Friday, January 23, 2015


Sports have captivated and entertained people from the beginning of
human society. Archeologists uncover in just about every culture the
proof of the very human need to excel, to compete, to entertain
through sport.

Thus it is not strange that the bible would use such imagery in
encouraging and teaching us how to live. With all the attention the
Super Bowl demands of our national and local news it behooves us to
take a moment to reflect on what Scripture has to say.

The controversy of the New England Patriots questionable football
inflation in winning their conference title continues to generate
jokes and heated discussion. Yet perhaps we might reflect on 2 Tm 2:5
"An athlete is not crowned unless he competes according to the rules."
It is right that we hold each other to fair competition by
establishing rules and demanding strict adherence. Any hint of
cheating only diminishes the "crown" and erases the efforts and
sacrifices of all the participants. So playing by the rules is a
valuable lesson for old and young, rich or poor.

Sport is dominated by the best of our youth. They become the pride of
any community no matter its size or fame. Thus a neighborhood little
league gets as much attention by its participating families as a world
match for a nation.

But youth fades into old age. Aging is often said not for the weak. So
training is important. I Cor.9:25-27 "All athletes are disciplined in
their training. They do it to win a prize that will fade away, but we
do it for an eternal prize. So I run with purpose in every step. I am
not just shadowboxing. I discipline my body like an athlete, training
it to do what it should. Otherwise, I fear that after preaching to
others I myself might be disqualified." Training to grow old in
dignity and grace is a worthy prize.

Perhaps more important than the prize is learning how to lose. The
sports mantra of try and try again"" and the graciousness of accepting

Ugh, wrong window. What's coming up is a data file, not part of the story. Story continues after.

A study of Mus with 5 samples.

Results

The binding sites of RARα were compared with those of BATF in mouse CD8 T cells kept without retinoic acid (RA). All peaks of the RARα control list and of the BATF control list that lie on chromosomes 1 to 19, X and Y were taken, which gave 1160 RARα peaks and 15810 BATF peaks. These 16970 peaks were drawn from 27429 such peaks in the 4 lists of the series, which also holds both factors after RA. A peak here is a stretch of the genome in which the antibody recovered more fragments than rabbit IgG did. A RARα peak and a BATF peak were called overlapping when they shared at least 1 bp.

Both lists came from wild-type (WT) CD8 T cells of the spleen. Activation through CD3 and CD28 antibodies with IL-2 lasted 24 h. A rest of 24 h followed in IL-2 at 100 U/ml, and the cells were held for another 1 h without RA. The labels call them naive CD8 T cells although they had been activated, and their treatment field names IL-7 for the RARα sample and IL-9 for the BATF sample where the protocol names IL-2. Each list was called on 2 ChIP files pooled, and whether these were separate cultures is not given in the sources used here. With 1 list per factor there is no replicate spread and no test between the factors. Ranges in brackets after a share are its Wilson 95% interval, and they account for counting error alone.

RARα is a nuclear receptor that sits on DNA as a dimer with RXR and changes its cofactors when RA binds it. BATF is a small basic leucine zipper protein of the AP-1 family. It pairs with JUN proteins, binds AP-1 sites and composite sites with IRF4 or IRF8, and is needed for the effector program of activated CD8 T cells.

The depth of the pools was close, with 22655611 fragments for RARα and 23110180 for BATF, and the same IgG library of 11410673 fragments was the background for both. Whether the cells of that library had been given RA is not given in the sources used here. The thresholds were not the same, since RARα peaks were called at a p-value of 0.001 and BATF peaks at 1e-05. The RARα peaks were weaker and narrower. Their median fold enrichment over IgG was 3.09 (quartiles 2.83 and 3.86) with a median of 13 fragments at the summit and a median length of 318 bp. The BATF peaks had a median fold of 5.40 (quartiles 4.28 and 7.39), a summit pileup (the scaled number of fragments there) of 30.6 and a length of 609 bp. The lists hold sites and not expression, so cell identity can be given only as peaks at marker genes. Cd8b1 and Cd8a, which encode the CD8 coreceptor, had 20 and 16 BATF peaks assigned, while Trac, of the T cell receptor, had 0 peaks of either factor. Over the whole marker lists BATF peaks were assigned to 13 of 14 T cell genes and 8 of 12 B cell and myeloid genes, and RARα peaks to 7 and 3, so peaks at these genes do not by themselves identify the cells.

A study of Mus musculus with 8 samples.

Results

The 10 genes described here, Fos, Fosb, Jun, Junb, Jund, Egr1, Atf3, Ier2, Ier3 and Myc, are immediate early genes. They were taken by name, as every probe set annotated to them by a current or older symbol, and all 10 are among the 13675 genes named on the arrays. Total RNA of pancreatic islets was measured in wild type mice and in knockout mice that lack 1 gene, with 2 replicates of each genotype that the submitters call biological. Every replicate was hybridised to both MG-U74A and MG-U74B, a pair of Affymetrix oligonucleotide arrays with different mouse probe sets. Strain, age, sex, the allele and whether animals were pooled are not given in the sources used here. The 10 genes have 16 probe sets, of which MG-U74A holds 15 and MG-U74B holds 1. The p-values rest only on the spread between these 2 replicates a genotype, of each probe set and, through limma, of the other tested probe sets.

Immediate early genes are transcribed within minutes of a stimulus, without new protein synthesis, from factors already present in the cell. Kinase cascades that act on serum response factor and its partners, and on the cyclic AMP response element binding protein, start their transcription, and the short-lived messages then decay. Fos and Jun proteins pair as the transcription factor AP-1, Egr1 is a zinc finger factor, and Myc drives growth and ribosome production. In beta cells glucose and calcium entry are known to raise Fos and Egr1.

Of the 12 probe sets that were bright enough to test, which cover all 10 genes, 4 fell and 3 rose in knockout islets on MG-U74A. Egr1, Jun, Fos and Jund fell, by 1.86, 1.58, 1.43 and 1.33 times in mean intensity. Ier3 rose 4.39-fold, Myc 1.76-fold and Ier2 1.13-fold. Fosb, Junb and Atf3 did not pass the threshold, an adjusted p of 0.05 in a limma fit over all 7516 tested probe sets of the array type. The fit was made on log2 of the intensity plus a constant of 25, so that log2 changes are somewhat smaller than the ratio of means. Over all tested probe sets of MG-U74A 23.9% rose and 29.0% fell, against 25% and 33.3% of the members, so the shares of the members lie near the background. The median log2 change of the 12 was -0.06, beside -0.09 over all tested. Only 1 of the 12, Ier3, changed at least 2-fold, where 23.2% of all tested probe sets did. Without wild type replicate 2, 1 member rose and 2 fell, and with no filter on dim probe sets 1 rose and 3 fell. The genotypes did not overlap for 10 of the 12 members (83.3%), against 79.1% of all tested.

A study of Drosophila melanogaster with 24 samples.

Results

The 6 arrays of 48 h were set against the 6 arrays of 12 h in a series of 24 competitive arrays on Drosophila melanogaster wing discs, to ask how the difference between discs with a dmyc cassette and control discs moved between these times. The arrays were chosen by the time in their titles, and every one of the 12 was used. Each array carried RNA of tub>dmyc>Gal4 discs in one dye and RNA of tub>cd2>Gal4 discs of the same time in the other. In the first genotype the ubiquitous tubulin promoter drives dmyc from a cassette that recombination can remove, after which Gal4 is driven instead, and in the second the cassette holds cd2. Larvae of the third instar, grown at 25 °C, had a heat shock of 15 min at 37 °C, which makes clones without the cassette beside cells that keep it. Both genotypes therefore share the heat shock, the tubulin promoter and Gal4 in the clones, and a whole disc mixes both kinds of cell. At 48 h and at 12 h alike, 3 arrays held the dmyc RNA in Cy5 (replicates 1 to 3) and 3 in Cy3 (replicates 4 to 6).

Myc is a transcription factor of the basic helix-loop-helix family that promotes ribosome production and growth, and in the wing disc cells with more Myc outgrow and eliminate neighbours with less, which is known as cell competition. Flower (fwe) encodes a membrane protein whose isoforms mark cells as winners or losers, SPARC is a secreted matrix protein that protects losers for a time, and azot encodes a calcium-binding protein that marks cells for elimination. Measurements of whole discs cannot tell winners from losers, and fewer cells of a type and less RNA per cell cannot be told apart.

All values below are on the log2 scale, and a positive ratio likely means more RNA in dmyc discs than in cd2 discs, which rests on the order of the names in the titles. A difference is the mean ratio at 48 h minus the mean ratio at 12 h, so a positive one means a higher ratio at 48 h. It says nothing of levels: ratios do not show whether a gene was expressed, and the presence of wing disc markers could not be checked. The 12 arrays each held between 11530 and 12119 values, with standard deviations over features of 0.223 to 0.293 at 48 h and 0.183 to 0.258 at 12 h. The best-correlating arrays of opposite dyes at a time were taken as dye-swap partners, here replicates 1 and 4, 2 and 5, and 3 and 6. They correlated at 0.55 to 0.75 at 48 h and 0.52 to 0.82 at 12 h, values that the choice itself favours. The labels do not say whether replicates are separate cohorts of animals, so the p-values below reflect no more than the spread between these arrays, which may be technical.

temporary defeat is a good part of those who store up a treasure of
gold. Their training through illness, bearing with pain and acceptance
of others coaching through all these trials inspires us. Rms 5:3-4
"Not only that, but we rejoice in our sufferings, knowing that
suffering produces endurance, 4 and endurance produces character, and
character produces hope."

Thus the athletes who inspire us and who truly may be considered
heroes are those who with dignity and grace pass beyond their
accomplishments to bear witness to the worthiness of their trophies.
Public service unstained by scandal and self-discipline that lifts up
the glory of others than themselves is what we admire in the "back
stories" of our great athletes. This is the inspirational
encouragement of Is. 40:29-31 "He gives strength to the weary and
increases the power of the weak. Even youths grow tired and weary, and
young men stumble and fall; but those who hope in the LORD will renew
their strength. They will soar on wings like eagles; they will run and
not grow weary, they will walk and not be faint."

So whatever the outcome of Sunday's big game, be entertained, be
encouraged, and be inspired that each of us in our strength and in our
weakness can be a winner. No matter how incapacitated or how fit we
may be, we can draw strength from God and "soar like the eagles".